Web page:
BOSTON, May 4, 2012 /PRNewswire/ -- Arup, the global engineering firm, celebrated the official opening of the John W. Olver Transit Center, the first zero net energy building of its kind in the nation. Working closely with Charles Rose Architects, Arup led the mechanical, electrical and plumbing engineering as well as lighting design for the project that will produce enough renewable energy over the year to offset the total energy used within that building over the same time period.
"We are excited to bring zero net energy design to this landmark project in Massachusetts. It is a great example of how public policy and design can come together to have a positive impact on sustainability, transportation, and economic development," said Mark Walsh-Cooke, Arup Project Director and member of the Massachusetts Zero Net Energy Building Advisory Council.
The transportation hub will also house community space and offices for the Franklin Regional Transit Authority and the Franklin Regional Council of Governments. The center will also serve as an Amtrak station with the completion of the Knowledge Corridor Rail Project in approximately two years and is expected to be a catalyst for redevelopment and growth in the region.
"We have designed several cutting-edge energy reduction strategies and renewable generation technologies for the transit center," said Arup Project Manager Julian Astbury. "Our hope is that with features including real-time energy usage monitoring displayed in the building, users will be inspired to look for new opportunities to reduce their own energy consumption." Key features include:
- 22 geothermal wells buried 405 feet deep
- 98-kilowatt ground-mounted photovoltaic array, 7,300ft2
- On-site 750 MBH (750,000 BTU/hour) boiler fueled by wood pellets from managed sources
- Air-conditioning provided by an active chilled beam system
- Solar wall that preheats fresh air by as much as 15 degrees during peak winter sun
- Second-stage preheating via ground source heat pumps
- Air handling unit incorporating variable speed fans and energy recovery
- Daylight modeling used to determine optimal placement of windows, clerestory and skylights
- All lighting controlled by a system integrating occupancy sensors, photocells and dimming control
- LED light fixtures provided in parking lots
- Low-flow water fixtures yielding 35% water savings
- Annual energy consumption estimated at less than 35 kBTU/square foot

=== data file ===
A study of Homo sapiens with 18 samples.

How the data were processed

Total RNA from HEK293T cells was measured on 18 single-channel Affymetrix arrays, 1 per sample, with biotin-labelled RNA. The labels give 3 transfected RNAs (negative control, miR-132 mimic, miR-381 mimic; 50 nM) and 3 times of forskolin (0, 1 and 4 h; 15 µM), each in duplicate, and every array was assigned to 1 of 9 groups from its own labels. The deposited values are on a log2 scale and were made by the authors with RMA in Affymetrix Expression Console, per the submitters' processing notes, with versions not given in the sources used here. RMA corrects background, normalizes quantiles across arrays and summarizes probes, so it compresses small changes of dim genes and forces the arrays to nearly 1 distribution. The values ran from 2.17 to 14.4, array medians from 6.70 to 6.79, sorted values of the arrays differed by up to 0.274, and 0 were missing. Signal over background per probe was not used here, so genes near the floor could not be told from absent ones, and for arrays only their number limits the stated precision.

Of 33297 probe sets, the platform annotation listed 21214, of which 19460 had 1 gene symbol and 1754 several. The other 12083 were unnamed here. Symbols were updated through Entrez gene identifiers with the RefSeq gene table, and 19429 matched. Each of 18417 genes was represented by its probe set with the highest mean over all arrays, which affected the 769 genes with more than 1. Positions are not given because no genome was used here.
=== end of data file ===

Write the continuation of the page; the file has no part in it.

At the dedication, Massachusetts Governor Deval Patrick was joined by a number of distinguished speakers including Lt. Governor Timothy Murray and Congressman John Olver at the dedication. The speakers shared the opinion that this zero net energy facility will be a long lasting contribution to Massachusetts. "I am pleased to see this innovative investment in the future of transportation and green energy come to fruition and honored by the name designation given to this modern facility," said Olver.
In addition to the Olver Transit Center, Arup has worked on 20 zero net energy and deep efficiency projects including the Lowell Trial Court Zero Net Energy Feasibility Study in Massachusetts, Stanford Graduate School of Business in California, the Denver Museum of Nature & Science New Education & Collections Facility in Colorado, Solar2 in New York, BedZED in the UK and World Wildlife Fund in the Netherlands.
Arup is the creative force at the heart of many of the world's most prominent projects in the built environment. From 92 offices in 37 countries, Arup's 10,000 designers, planners, engineers, consultants and technical specialists deliver innovative projects across the world.
The firm was founded in 1946 with an enduring set of values and has a unique trust ownership that fosters a distinctive culture, intellectual independence and a collaborative approach. Opening its first North American office 27 years ago, Arup in the Americas now employs 1,000. The people at Arup are driven to find a better way to deliver better and sustainable solutions for their clients. For more information, visit http://www.arup.com.